The author starts by saying nature is not “out there” but part of us as we are of it. That sets the tone for the whole book. If you don’t understand that divination is natural and not a “gift” then everything else will fall into place. If not, then this book will do nothing for you.
That being said, Cunningham then describes the term “natural divination”. It’s the observation of occurrences in the natural world. He also discusses that casual observations of omens are not true divination. A request for information must precede an (provoked) omen. Astrology originated in Mesopotamia as a form of omen observation
Cunningham then goes over different types of divination throughout the world in history. The ancient Germanics (pre-viking) relied heavily on divination, especially from females. Some Asian philosophies view time as an illusion or a tool to organize our lives but it doesn’t really exist. “Time is what keeps everything from happening at once.”—Albert Einstein
The next section of the book deals with divination via the 4 elements. I like that he included this for people that work with the elements. Apparently, wells were considered sacred with spirits or attendant deities and are very potent divinatory tools. I never would have guessed that, because wells are man-made. I suppose it would be silly of me to assume something inanimate is not “divine”, for lack of a better term. It’s just hard to grasp. I suppose the water in the well is what I find more relatable as a divination tool. Cunningham states that herbs are the most accurate element in divination ‘cause they were once alive…Heavy, huh? I would mention air and fire here, but in short, if it goes to the left the answer’s no, to the right, the answer’s yes…And that’s about it.
While discussing the different methods of divination, he gives us an interesting piece of trivia. The word “lottery” derives from casting lots. The most fascinating method (I think) is the use of crystal ball gazing. The author writes that diviners used to hold the crystals up to the sun and then gaze at them. This makes me think of Tiresias, the blind prophet. I’m guessing seers had a tendency to become blind because of this practice. Cunningham is very adamant about the fact that the crystal is responsible for producing the images one sees and not the mind. He recommends to be sure of no noises disturbing you while using the crystal and don’t concentrate. Supposedly the crystal will turn milky-white, then black before you see images. He says crystal-ball-gazing is one of the most evocative and truthful forms of divination. I now have one, and I will get the chance to use it, very soon. When that happens I will post my results.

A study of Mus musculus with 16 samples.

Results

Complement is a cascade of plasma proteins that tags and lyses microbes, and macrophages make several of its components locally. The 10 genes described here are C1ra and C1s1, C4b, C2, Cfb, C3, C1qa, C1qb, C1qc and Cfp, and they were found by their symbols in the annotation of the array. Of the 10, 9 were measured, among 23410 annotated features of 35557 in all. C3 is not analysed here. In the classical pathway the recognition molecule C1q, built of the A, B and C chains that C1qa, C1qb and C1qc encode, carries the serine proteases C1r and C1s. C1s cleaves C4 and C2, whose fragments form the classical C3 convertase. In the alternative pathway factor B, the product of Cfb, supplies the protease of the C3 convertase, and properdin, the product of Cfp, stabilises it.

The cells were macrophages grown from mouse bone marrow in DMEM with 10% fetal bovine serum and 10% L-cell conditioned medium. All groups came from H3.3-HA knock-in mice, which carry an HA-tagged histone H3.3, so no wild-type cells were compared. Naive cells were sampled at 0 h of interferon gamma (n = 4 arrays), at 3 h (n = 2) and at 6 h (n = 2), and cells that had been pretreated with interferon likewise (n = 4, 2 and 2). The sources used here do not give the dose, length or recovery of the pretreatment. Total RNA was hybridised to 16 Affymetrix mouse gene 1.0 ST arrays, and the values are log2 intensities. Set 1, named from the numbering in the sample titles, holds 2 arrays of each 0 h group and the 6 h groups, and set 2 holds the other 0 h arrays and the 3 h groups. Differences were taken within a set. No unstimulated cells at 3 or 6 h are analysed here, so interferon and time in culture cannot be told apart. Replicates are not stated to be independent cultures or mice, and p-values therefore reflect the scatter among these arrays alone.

We move on to explore mirrors and he warns us not to underestimate their power…I’m not going to dispute that fact. I’m quite terrified of them and I think there was a reason why people used to cover them back in the day. What is seen cannot be unseen. Anyway, he says that a round frame is used for metaphysical divination, whereas a square one is for physical divination (I’m thinking that’s simply scrying). I like that he notes that lakes were the first mirrors and until the last century or so, people were not very aware of what they looked like. They only had semi-reflective surface, depictions, and other people’s descriptions to rely on. I find that ironic, how we are more aware of what we look like, now, yet it’s becoming more and more irrelevant. Our ancestors seemed like they were much more in touch with their bodies than we are now and they weren’t even as visually aware of them…
Speaking of bodies, the author goes over palm-reading a bit. He mentions 6 different types of hands and what they say about a person. But that’s just the beginning. He says palm-reading is so complex that most students who study it end up giving up on it because there’s so much to know.
Moving on to pendulums, Cunningham says they’re rather effective. Mostly they’re used to find things but they can be used to answer questions as well. I find that I end up influencing the pendulum too much and just make it swing whatever direction I want. For me, they’re a good tool for practicing energy-directing. Finally, he mentions sand divination which means you hold a pencil in some sand and let it move wherever it wants. This sounds similar to automatic writing…or maybe even a spirit board.
At the end of the day, this book is a good survey of all the forms of divination ever used. It’s definitely for beginners because it is just a sampling. It gives a good history of divination and why it was used, what methods were used for what. It’s written in typical Cunningham style almost like a collection of folk stories. Each section of information could stand alone as its own article but still flows like a scrap book of the cohesive subject. I’m noticing Cunningham is good at providing the basics of things for those new to the craft. This book is definitely in that same category.